Concepts Summary

• The discovery of introns in eukaryotic genes forced the redefinition of the gene at the molecular level. Today, a gene is often defined as a sequence of DNA nucleotides that is transcribed into a single RNA molecule.

• Introns are noncoding sequences that interrupt the coding sequences (exons) of genes. Common in eukaryotic cells but rare in bacterial cells, introns exist in all types of genes and vary in size and number. They comprise four major types: group I introns, group II introns, nuclear pre-mRNA introns, and tRNA introns.

• The results of experiments in the late 1950s and early 1960s suggested that genetic information is carried from DNA to ribosomes by short-lived RNA molecules called messenger RNA. An mRNA molecule has three primary parts: a 5' untranslated region, a protein-coding sequence, and a 3' untranslated region.

• Bacterial mRNA is translated immediately after transcription and undergoes little processing.

• The primary transcript (pre-mRNA) of a eukaryotic protein-encoding gene is extensively processed: a modified nucleotide and methyl groups, collectively termed the cap, are added to the 5' end of pre-mRNA; the 3' end is cleaved and a poly(A) tail is added; and introns are removed.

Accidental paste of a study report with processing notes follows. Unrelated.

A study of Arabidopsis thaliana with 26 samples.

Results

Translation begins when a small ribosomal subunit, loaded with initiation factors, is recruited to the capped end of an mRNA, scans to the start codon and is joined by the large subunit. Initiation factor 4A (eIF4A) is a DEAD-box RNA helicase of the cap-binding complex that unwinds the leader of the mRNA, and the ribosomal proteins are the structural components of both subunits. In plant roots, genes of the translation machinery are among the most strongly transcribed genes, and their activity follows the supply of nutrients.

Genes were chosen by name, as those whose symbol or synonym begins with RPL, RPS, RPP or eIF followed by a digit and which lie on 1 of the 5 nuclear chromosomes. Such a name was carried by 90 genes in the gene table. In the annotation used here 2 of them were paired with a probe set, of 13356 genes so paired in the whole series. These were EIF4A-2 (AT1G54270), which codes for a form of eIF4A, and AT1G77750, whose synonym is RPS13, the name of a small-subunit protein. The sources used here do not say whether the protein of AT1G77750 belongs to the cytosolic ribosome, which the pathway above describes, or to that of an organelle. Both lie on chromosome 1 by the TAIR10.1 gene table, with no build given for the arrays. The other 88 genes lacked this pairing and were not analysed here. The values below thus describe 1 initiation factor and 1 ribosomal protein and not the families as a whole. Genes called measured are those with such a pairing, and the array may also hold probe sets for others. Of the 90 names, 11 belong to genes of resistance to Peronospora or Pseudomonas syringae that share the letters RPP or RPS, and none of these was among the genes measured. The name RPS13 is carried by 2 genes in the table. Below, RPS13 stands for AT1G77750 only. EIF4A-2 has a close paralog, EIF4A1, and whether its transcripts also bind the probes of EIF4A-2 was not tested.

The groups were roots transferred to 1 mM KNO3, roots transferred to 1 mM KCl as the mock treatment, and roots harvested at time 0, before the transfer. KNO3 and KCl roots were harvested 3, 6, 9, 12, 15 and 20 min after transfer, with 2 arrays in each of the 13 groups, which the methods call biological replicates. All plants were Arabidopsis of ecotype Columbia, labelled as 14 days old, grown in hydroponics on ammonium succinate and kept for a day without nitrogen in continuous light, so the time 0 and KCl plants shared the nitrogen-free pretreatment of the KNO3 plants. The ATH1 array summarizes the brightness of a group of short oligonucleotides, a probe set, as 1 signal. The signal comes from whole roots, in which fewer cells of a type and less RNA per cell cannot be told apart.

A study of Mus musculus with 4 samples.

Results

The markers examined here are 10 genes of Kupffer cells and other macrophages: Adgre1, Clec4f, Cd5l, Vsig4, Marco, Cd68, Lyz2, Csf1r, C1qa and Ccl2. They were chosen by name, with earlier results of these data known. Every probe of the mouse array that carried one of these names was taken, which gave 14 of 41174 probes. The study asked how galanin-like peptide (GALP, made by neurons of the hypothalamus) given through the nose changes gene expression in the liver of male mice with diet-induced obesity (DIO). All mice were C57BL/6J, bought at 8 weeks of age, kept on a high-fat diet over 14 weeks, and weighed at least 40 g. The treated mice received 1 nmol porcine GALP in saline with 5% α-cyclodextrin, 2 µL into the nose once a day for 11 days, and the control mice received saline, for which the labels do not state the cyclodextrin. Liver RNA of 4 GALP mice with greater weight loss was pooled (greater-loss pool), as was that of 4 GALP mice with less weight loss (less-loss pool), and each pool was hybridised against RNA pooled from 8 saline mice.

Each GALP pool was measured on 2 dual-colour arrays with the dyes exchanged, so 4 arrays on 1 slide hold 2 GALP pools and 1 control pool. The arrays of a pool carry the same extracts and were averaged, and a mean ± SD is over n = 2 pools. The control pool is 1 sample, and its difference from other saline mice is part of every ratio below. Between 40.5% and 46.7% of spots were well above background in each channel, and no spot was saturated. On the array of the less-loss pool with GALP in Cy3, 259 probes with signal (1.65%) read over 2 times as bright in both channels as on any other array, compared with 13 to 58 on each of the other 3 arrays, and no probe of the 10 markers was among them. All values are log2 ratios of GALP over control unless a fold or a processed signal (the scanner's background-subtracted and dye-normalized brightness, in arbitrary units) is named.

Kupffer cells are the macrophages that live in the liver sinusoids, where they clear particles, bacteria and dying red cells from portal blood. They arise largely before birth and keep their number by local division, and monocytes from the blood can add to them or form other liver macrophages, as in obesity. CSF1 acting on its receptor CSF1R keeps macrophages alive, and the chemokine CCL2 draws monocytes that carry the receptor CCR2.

• The process of RNA splicing takes place within a structure called the spliceosome, which is composed of several small nuclear RNAs and proteins. RNA splicing takes place in a two-step process that entails RNA - RNA interactions among snRNAs of the spliceosome and the pre-mRNA.

• Some introns found in rRNA genes and mitochondrial genes are self-splicing.

• Some pre-mRNAs undergo alternative splicing, in which different combinations of exons are spliced together or different 3' cleavage sites are used.

• Messenger RNAs may also be altered by the addition, deletion, or modification of nucleotides in the coding sequence, a process called RNA editing.

• Transfer RNA serves as a bridge between amino acids and the genetic information carried in mRNA. Transfer RNAs are relatively short molecules that assume a common secondary structure and contain modified bases. Most organisms have multiple copies of tRNA genes; the tRNAs transcribed from these genes are extensively processed in bacterial and eukaryotic cells.

• Ribosomes are the sites of protein synthesis in the cell. Each ribosome is composed of several rRNA molecules and a number of proteins that form a large and a small subunit. Genes for rRNA exist in multiple copies; the primary transcripts from these genes are extensively modified after transcription in bacterial and eukaryotic cells. In eukaryotic cells, rRNA processing is carried out by small nucleolar RNAs.